We’re trying not to give the Epson WorkForce WF-100 the side-eye as we write this review of the mobile printer that dreams should be made of. But it’s hard, seeing as it’s sitting here on our desk attempting to look as adorable as it did on the day we first met. But we’ve lifted the lid (literally) and seen what’s underneath, and know better than to fall under its spell again. Don’t get us wrong – it’s not the most awful printer you could buy. In fact, it has its redeeming qualities; but anyone who’s used to desktop printers may find the WF-100 frustrating at the worst of times and only somewhat satisfying when it’s behaving itself.
Design and specifications: The design of the Epson WorkForce WF-100 is truly the most charming aspect of the printer. It’s mobile in every way, being the size of a lunch box and just about as heavy (before you’ve eaten of course). Its 12.2 x 6.1 x 2.4-inch form and 1.6kg weight is unlike anything you’ll have seen in a printer before. When not in use, it can be stored with the silver strip facing up. The lid serves as the paper tray when it’s open and not protecting the device from knocks and bumps. The textured plastic surfaces feel pleasant to the touch and the build seems sturdy enough for mobile use.
Being a wireless printer in every sense of the word, it connects to devices over Wi-Fi IEEE 802.11b/g/n and Wi-Fi Direct apart from Hi-Speed USB 2.0. It has a built-in lithium-ion battery so you don’t have to keep it hooked to a wall outlet all the time. The integrated powerhouse gets charged when the printer’s plugged in via the AC adapter. It also juices up through the micro USB port which additionally serves as a direct input into a PC or laptop. We tried out the WF-100 using a Windows 10 laptop, Windows XP PC (yes, XP), and Android as well as iPhone devices.
Setup process: Setting up the Epson WorkForce was a nightmare every step of the way. It took ages to download the necessary product updates and then showed us inexplicable error messages each time we tried to install most of the software. After 40 minutes of trying to bring everything up to date and frequently bumping into error alerts, we just gave up and decided to see if the printer would work anyway. It did. After making a mental note to disobey any further orders from the Epson popup messages that plagued us thereafter, we dove into our review.
You can start printing once you get the WorkForce and other involved devices on the same Wi-Fi network by typing in the password through the 1.4-inch color LCD. Doing so requires a lot of fiddling on the cursor and selection keys, though you eventually get there. The WF-100 is pretty much of an airhead for one that boasts of wireless connectivity – you have to go through the password entering process each time you switch between Wi-Fi and Wi-Fi Direct. User friendliness isn’t its forte. Also, it wouldn’t connect to our PC or laptop via USB due to an unexplained error after numerous tries.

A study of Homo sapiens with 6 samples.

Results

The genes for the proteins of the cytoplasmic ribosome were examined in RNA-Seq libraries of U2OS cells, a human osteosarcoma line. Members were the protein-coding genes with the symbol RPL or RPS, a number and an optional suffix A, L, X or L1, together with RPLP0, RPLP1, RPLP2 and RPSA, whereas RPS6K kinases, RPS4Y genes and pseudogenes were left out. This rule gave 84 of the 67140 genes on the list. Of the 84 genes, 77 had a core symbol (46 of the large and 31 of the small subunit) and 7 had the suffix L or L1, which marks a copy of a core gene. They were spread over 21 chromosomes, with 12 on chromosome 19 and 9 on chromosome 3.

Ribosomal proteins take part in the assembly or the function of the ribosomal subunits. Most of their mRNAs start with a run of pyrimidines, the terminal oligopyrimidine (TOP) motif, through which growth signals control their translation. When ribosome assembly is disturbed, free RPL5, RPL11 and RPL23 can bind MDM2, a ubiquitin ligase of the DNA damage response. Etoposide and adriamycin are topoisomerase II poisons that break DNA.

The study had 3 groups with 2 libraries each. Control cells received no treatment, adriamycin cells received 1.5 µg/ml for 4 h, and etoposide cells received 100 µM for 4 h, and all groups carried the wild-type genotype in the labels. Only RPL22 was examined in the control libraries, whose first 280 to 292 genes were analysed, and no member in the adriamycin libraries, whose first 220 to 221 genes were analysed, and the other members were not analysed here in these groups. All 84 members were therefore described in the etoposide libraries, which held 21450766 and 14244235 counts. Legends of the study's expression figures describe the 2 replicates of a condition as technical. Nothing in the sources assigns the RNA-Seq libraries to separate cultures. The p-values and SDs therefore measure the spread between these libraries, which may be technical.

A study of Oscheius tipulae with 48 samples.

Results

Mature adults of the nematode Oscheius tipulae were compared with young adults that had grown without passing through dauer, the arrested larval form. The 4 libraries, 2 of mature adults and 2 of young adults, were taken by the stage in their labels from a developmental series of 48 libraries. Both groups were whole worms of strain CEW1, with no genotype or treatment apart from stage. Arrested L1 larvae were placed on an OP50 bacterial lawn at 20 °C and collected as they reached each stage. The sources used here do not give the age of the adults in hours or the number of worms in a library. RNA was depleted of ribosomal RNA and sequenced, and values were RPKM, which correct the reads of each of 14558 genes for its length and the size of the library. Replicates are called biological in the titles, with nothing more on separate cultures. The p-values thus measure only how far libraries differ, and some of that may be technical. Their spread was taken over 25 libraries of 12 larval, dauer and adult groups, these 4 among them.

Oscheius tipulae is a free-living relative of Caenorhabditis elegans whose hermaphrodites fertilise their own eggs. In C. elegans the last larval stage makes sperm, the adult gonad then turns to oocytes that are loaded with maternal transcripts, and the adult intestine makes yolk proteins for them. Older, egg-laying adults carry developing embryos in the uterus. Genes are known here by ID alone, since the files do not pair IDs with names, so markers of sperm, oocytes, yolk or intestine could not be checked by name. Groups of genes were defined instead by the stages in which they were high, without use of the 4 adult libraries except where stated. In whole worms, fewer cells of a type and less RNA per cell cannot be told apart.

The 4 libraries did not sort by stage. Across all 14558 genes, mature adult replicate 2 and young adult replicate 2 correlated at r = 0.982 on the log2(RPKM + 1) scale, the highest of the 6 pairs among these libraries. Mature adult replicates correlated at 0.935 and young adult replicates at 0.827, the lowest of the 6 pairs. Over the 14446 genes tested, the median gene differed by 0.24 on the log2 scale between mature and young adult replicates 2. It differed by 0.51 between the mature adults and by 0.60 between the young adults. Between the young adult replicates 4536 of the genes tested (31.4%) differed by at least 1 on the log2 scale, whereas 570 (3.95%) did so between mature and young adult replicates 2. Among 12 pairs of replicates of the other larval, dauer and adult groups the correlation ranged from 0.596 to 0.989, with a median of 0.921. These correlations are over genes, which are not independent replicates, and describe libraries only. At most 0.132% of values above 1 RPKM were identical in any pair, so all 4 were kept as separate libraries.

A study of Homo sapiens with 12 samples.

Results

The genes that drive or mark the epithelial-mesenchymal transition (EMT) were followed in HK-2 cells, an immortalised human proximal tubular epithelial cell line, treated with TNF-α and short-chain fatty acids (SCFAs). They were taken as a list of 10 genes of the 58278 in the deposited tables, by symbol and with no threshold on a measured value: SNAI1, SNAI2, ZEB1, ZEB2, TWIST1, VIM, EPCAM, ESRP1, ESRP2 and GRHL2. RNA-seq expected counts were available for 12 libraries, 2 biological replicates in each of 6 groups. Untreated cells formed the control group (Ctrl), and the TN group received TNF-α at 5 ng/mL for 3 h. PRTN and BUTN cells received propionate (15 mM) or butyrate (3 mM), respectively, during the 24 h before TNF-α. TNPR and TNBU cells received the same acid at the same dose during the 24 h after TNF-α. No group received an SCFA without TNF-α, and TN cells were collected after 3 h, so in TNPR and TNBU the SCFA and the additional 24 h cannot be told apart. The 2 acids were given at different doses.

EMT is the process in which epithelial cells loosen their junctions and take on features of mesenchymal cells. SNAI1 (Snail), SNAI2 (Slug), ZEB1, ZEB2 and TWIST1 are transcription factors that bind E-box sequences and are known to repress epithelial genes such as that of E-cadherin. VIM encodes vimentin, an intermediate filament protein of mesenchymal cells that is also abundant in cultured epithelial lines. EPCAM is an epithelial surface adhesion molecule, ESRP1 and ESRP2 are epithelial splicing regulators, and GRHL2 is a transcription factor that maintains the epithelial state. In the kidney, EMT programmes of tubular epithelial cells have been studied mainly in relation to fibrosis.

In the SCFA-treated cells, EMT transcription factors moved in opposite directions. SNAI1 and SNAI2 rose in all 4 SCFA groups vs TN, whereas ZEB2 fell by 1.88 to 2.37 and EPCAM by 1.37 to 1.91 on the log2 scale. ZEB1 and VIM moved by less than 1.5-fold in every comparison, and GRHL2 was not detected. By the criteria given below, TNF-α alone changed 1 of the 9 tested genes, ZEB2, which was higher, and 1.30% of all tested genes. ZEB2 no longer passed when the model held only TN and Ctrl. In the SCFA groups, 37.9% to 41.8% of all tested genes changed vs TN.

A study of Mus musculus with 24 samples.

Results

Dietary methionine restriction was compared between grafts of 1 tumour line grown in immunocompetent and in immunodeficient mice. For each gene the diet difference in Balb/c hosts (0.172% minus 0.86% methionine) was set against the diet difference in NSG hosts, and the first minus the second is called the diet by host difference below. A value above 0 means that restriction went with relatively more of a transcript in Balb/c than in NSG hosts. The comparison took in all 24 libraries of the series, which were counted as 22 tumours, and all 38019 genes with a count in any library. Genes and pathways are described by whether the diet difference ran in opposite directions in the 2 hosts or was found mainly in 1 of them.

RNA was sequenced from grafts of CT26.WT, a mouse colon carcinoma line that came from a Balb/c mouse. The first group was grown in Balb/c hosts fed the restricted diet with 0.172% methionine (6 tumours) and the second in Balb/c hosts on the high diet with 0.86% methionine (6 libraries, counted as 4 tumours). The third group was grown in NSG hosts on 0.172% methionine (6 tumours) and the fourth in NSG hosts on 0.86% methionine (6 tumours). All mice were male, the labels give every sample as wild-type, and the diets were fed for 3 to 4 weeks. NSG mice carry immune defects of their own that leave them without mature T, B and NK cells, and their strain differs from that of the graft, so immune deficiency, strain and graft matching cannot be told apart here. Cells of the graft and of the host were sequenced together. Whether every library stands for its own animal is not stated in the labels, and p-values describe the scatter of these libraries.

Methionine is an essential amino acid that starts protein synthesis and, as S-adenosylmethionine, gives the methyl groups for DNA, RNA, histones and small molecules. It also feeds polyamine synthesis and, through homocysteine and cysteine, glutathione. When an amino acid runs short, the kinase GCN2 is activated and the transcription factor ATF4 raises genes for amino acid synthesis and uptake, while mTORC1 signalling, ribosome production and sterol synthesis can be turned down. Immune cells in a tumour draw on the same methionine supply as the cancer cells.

Print performance: The Epson WF-100 accommodates a three-ink color cartridge as well as a black tank. Forget about the yield mentioned by the company and get this – after printing out thirty three black and white A4 sheets, three 4 x 6-inch color photos on glossy paper as well as one and a quarter A4 pages in full color, we got a notification saying we were running out of ink! We guess we’d have been able to print even less if the nozzle had become clogged, thus requiring a cleanup. A lot of folks appear to be reporting blocked nozzles following infrequent use of the printer.
This inkjet printer is the slowest we’ve come across, and also the first to emit occasional farting noises. It takes a minute to print out two black and white A4 pages of average fill, while we timed its full color print production at 3.10 minutes! What’s more, the quality of print was inconsistent throughout our tests. 20 A4 sheets fit into the paper input area and there’s no output tray. This is fine on a flat surface like a table, but toes the line between annoying and just about tolerable when you’re an on-the-go professional (the kind of customer Epson’s targeting, by the way).
Pros: This Epson mobile printer has a very portable form factor and sturdy shell. It connects over Wi-Fi and Wi-Fi Direct and as well as via micro USB. It uses pigment ink which is fade-proof and water-resistant to a great degree. The best feature it offers is the in-built battery. Unlike several other printers we’ve tested, it connects easily to mobile devices running Android or iOS.
Cons: There’s no scan/copy function, output tray (probably understandable given its size) or Bluetooth connectivity. The print speed is slow, the quality is inconsistent and the yield per cartridge is low; the latter may be a device initializing thing. The maintenance box which must be replaced every few months adds to the already high the cost you have to pay for the privilege of mobile printing.
Based on five factors covering performance, design, user-friendliness, specifications and value for money, we’re giving the Epson WorkForce WF-100 a 3.3 out of 5 rating. It costs Rs 20,999, with the ink tanks marked between Rs 950 and Rs 1100 per cartridge.